An opinionated list of writing apps
Beware, if you have not talked to me in person before about writing apps. I wrote a more organised post called “Tools for Writing and Sharing Online” to help friends who were thinking about doing a blog, and had some sense to be hesitant about Wordpress.
This is the unfiltered brain dump of all the writing apps I like and dislike. My choices always boil down to details, but the two common patterns that emerge are:
- does not require my hands to leave my keyboard under any circumstances (navigation, links, and even file creation); and
- what is a beautiful typeface and interace for me
- (extremely nice to have) cross-platform syncing
Ulysess vs Bear
For writers on Macs, the two giants are Ulysses and Bear. As its name suggests, Ulysses is well suited for sorting out novel-length content with hits notebooks, categories, and tags. Ultimately, after a year of paying for Ulysses, I switched over to the lower-priced Bear (that I had agonised another year over prior). In the end, it was the tagging system on Bear that I liked. The way that notes are tagged on bear is:
The big detractor for both is that they do not copy and paste well. Sometimes the bold and italic formatting is lost. Other times, the links will break because both these apps want to be fancy and add a 🔗 to the end of their links. Call me pedantic, but I find it incredibly jarring.
The plus side for both is definitely their mobile note taking experience.
The only detractor for HackMD is that it is web-based. But it is so nice for me to write on I did a whole guide for my client on it until I ran out of characters (I think 99,000 was the limit). It can create tables, link to externals like Vimeo, and comes with Book and Slide formats. Read the Features docs.
Dropbox Paper vs Quip
One of my clients will die on the Quip hill. Several years ago, when Dropbox was just introducing Paper and did not have a desktop version, I could stand by them on that decision. Now that Dropbox Paper does have a desktop version, there’s no reason not to use it. At any rate, I have dropped Quip since. Call me superficial, but Paper’s typeface was so beautiful, I persevered with their web app that persistently crashed for over a year. I can’t explain it – apps that get typeface right are just to die for. In addition to this, Paper had another super power: if you used the “+” command, it would automatically search your files for the right name or create a new file for you.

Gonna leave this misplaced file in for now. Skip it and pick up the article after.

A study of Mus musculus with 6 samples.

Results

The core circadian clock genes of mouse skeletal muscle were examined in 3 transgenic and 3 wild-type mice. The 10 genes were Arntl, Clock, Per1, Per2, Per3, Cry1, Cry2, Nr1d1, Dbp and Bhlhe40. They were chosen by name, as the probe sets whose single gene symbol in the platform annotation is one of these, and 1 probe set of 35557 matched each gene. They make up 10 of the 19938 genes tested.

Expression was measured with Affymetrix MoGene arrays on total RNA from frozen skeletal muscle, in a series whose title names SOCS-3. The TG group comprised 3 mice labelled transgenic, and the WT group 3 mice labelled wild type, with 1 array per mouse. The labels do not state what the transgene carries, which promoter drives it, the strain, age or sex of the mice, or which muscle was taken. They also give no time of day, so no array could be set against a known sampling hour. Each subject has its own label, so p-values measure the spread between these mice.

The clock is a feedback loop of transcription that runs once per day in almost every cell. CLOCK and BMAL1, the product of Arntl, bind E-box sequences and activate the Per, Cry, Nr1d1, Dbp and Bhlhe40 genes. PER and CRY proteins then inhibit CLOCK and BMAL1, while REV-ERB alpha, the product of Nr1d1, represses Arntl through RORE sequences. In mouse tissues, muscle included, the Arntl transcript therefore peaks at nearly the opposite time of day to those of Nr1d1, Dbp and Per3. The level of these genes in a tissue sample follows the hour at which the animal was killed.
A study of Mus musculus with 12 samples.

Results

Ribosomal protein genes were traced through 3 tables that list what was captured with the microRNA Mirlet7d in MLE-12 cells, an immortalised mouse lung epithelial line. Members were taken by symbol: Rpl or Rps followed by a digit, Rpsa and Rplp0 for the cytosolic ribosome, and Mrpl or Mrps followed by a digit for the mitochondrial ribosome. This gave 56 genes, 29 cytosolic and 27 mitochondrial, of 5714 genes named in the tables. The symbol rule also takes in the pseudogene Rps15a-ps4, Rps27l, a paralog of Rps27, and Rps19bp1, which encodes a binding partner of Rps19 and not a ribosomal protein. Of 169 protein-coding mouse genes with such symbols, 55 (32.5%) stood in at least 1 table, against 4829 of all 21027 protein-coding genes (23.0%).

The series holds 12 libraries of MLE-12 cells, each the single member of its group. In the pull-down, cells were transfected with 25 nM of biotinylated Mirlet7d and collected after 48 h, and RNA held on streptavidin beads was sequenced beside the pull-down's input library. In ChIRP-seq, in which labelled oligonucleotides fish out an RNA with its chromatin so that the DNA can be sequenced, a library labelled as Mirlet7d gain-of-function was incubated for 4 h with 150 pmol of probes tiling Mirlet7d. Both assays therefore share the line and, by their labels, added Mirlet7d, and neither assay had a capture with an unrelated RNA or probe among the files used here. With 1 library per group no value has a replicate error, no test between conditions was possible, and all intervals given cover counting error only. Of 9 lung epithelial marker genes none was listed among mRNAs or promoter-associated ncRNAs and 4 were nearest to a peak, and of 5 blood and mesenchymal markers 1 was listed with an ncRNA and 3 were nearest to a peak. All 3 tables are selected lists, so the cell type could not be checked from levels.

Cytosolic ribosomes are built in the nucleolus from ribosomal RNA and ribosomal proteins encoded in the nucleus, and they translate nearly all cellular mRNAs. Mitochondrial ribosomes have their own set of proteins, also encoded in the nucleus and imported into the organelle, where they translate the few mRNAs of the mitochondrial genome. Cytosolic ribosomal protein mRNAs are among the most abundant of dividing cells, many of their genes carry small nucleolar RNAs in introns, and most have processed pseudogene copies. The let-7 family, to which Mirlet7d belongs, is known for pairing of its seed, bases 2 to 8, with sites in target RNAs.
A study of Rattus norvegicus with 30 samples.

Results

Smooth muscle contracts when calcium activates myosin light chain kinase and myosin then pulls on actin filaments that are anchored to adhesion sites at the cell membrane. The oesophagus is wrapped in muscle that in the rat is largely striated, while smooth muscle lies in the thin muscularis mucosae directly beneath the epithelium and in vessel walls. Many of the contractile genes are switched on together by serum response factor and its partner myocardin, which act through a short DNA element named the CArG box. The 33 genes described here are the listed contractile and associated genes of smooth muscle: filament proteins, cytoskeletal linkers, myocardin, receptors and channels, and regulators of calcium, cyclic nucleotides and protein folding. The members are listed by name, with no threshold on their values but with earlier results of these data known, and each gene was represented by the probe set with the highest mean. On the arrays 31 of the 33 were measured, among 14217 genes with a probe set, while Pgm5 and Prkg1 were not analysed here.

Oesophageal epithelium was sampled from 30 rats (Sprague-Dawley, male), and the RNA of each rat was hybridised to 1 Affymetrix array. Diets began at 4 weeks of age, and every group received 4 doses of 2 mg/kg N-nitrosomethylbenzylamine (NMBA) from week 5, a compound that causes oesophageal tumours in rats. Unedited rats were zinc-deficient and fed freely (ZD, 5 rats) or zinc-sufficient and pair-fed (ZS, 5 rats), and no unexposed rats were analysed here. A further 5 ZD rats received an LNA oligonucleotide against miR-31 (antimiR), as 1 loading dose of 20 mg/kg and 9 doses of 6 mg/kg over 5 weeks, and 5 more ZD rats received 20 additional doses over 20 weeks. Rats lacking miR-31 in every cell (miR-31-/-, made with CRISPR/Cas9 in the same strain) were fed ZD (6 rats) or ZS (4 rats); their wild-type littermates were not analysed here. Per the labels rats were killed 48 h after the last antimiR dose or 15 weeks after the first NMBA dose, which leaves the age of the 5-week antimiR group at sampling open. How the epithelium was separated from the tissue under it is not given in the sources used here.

My favourite at this point is Quiver, recommended to me by a developer. My favourite thing about it is that it can switch between text, Markdown, LaTex, and code and one file can be separated into different blocks.
I can’t quite explain why Quiver works so well because the princple is about the same as Bear, Ulysses, or probably even Evernote. However, the UI makes me feel that I can take notes properly – mixing up links, code snippets, and blog pieces.
However, one day after paying for the darn app, I stumbled upon its biggest problem: the whole library is stored in one file that does not always sync properly. Quiver’s way of syncing is to have the user deposit the file in the cloud, such as Dropbox or iCloud. The problem is that when the app glitches and does not save, the whole file is lost. iCloud does not have versioning, unless you have TimeMachine, which means all my notes were lost. If you have Dropbox, you can revert.
Why not these?
Evernote Evernote is an unfortuante first mover. I respect its incredible accomplishments, much like Basecamp, for what it built before Web 2.0 really hit. But at the same time, I still don’t need an interface that shows me notebooks. I’m sure Evernote is great now and has been updated to take Markdown and all sorts of other integrations. I just haven’t had a need to migrate back.
Google Docs and word processors Everyone uses Google docs. When collaborating with almost anyone except a developer, I end up on Google Docs. The issue for me with Google docs is the same as most word processors: they don’t copy and paste consistently. As someone who likes to wholesale copy from many sources to one document, spending time reformatting the titles and text makes the note taking process feel even more like a mess than it already is. Still, at the end of the day, Google has done a pretty decent job of creating a collaborative workspace. Credit still goes to them for basically bringing word processing to the cloud and it has come a long way since the early clunky days. For one thing, I do enjoy being able to link the different files, be they presentations or spreadsheets.
But why these?
In my quest for markdown editors, I have downloaded almost every recommended app in listicles. In the end, the one that I enjoyed most was Typora, which is a minimal markdown editor that has neat little features like automatically pasting the copied link on highlighted text. I am also partial to solutions that will render the markdown that I have typed (for example, that headers actually look bigger).